A U.S. Department of Education report released this month shows that states, including Oklahoma, have been increasing funding for our horribly overcrowded prisons at a much higher rate than funding for K-12 and higher education.
Oklahoma has the second-highest overall incarceration rate & the highest female incarceration rate in the US. pic.twitter.com/dyKg39vp0f
— OK Justice Reform (@OKJusticeReform) February 19, 2016
The numbers viewed at both the overall national and individual state level are simply not sustainable. The report, using a nuanced and important comparative frame, absolutely shows the country and Oklahoma desperately need corrections reform. We need to shift from an emphasis on funding for incarceration to an emphasis on funding for education.
The report also shows that in Oklahoma, which has long had the highest incarceration rate for women on a per capita basis, had a whopping 272 percent change from 1979 to 2013 between more spending on prisons and jails than on more spending on education. The number of people incarcerated in local and state prisons and jails grew in Oklahoma since 1979 by 485 percent, according to the report, which also noted that the state’s population only grew by 34 percent during that time. The state now has the second highest incarceration rate in the country, according to OK Justice Reform. Why? Is it because of our dismal funding for education? That makes sense.
The report notes:
Over the past three decades, state and local government expenditures on prisons and jails have increased at a much faster pace than state and local spending on elementary and secondary education and postsecondary education. All too often, children growing up in poor communities not only do poorly in school but also are disproportionately arrested and incarcerated during their teen-age and young adult years.
Here’s the report. It’s worth going through it if for nothing else than its shock value. Local media outlets, when the report was first issued, made a big deal out of the fact that Oklahoma’s incarceration rate grew 14 times faster than the state’s adult populations since 1979-1980, but that headline grabber doesn’t really do the report justice in terms of its scope.
That scope is that, overall, in Oklahoma and elsewhere our society is making a huge, fatal mistake in investing in jails and prisons rather than in school children, college students and instructors. It should be obvious to even diehard law-and-order Republicans that such a growing discrepancy between funding priorities will only further continue to replicate itself. Studies have shown, and it just makes common sense, that an uneducated or poorly educated populace with low incomes and unhealthy lifestyles will commit more crimes than an educated society with higher incomes and healthier lifestyles.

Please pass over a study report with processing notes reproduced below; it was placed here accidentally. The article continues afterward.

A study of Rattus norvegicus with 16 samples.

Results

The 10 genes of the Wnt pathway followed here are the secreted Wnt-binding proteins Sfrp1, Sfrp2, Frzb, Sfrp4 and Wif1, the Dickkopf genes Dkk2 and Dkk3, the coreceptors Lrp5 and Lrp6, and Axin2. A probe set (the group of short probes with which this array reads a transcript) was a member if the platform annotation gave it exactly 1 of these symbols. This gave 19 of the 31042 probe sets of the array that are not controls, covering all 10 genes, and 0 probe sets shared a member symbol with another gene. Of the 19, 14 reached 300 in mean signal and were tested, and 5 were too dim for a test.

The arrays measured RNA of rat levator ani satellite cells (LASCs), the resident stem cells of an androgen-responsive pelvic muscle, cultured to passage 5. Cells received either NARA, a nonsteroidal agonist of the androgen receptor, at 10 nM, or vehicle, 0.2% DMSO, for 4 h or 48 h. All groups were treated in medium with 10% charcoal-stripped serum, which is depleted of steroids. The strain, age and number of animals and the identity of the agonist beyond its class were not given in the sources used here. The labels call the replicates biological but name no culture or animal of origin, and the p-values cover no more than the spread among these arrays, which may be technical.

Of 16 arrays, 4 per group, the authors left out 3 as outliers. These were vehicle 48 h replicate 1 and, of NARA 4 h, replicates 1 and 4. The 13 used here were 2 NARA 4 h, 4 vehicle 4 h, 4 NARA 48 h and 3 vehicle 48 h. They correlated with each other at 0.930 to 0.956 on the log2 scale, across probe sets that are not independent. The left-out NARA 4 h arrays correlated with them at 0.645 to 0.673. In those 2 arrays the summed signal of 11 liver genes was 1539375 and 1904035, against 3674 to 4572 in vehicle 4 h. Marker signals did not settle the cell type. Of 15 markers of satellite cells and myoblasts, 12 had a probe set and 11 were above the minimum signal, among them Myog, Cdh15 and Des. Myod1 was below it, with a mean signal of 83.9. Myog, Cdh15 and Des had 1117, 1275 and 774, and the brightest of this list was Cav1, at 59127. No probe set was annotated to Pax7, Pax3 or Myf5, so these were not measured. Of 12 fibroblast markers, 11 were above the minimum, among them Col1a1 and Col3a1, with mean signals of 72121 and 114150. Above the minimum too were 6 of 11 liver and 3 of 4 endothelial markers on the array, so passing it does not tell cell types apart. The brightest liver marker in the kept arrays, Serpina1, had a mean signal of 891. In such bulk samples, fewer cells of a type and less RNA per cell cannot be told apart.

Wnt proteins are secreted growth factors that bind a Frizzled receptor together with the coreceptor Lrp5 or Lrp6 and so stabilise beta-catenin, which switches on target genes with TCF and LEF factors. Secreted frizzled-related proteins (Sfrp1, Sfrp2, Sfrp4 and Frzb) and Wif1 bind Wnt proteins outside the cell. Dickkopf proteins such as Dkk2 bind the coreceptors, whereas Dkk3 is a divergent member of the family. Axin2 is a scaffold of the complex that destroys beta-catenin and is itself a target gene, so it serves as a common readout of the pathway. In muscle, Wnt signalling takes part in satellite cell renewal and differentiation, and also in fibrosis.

— Alex Cameron (@AlexDCameron) July 12, 2016
The time period covered by the report corresponds with the conservative “tough-on-crime” surge that really took hold in the late President Ronald Reagan era. This era and later eras gave us automatic sentencing in certain situations, “three strikes” law and draconian prison terms, especially for drug crimes. The so-called “war on drugs,” started by the late President Richard Nixon, who served before the time period used for the report, has done nothing but drain public education systems of money while drugs remain readily available on our streets. It’s a system weighted heavily against people of color, according the report, which notes:
Incarceration in the U.S. occurs disproportionately among people of color. Even for offenses for which there are few differences by race or ethnicity in the likelihood of committing a crime, individuals of color — black youth in particular — are more likely than white individuals to be arrested and receive longer sentences for the same offenses…
Reagan and Nixon, of course, were Republicans, and make no mistake this IS a partisan issue. Even the current Republican nominee for president, Donald Trump, some 36 years later, is running on a law-and-order platform, which would lead to even more incarceration. It’s a hybrid of what we might call American totalitarianism, and Oklahoma is a leader among states in this regard with its high per capita incarceration rate.
The obvious short-term pragmatic answers are to eliminate prison sentences for simple drug possession crimes, implement the overall legalization of marijuana in the country, the establishment of significantly more treatment facilities for people addicted to hard drugs, and more courts that deal exclusively with minor to moderate drug crimes. Judges should also be given more leeway in setting sentences, especially for non-violent crimes. We need to emphasize rehabilitation for many inmates rather than just punishment. These proposals and others have been around for years now here in Oklahoma and in other states.
But the most important overall answer, as the report suggests, is to adequately fund our education systems, something Oklahoma has failed to do for years. This will help keep people OUT of prison and the criminal judicial system. Yet just last session, for example, the state legislature voted to cut funding to higher education by nearly 16 percent, a staggering amount. K-12 education in Oklahoma has faced cuts for literally years now. Meanwhile, our incarceration rate continues to rise and so has the cost. It’s money misspent.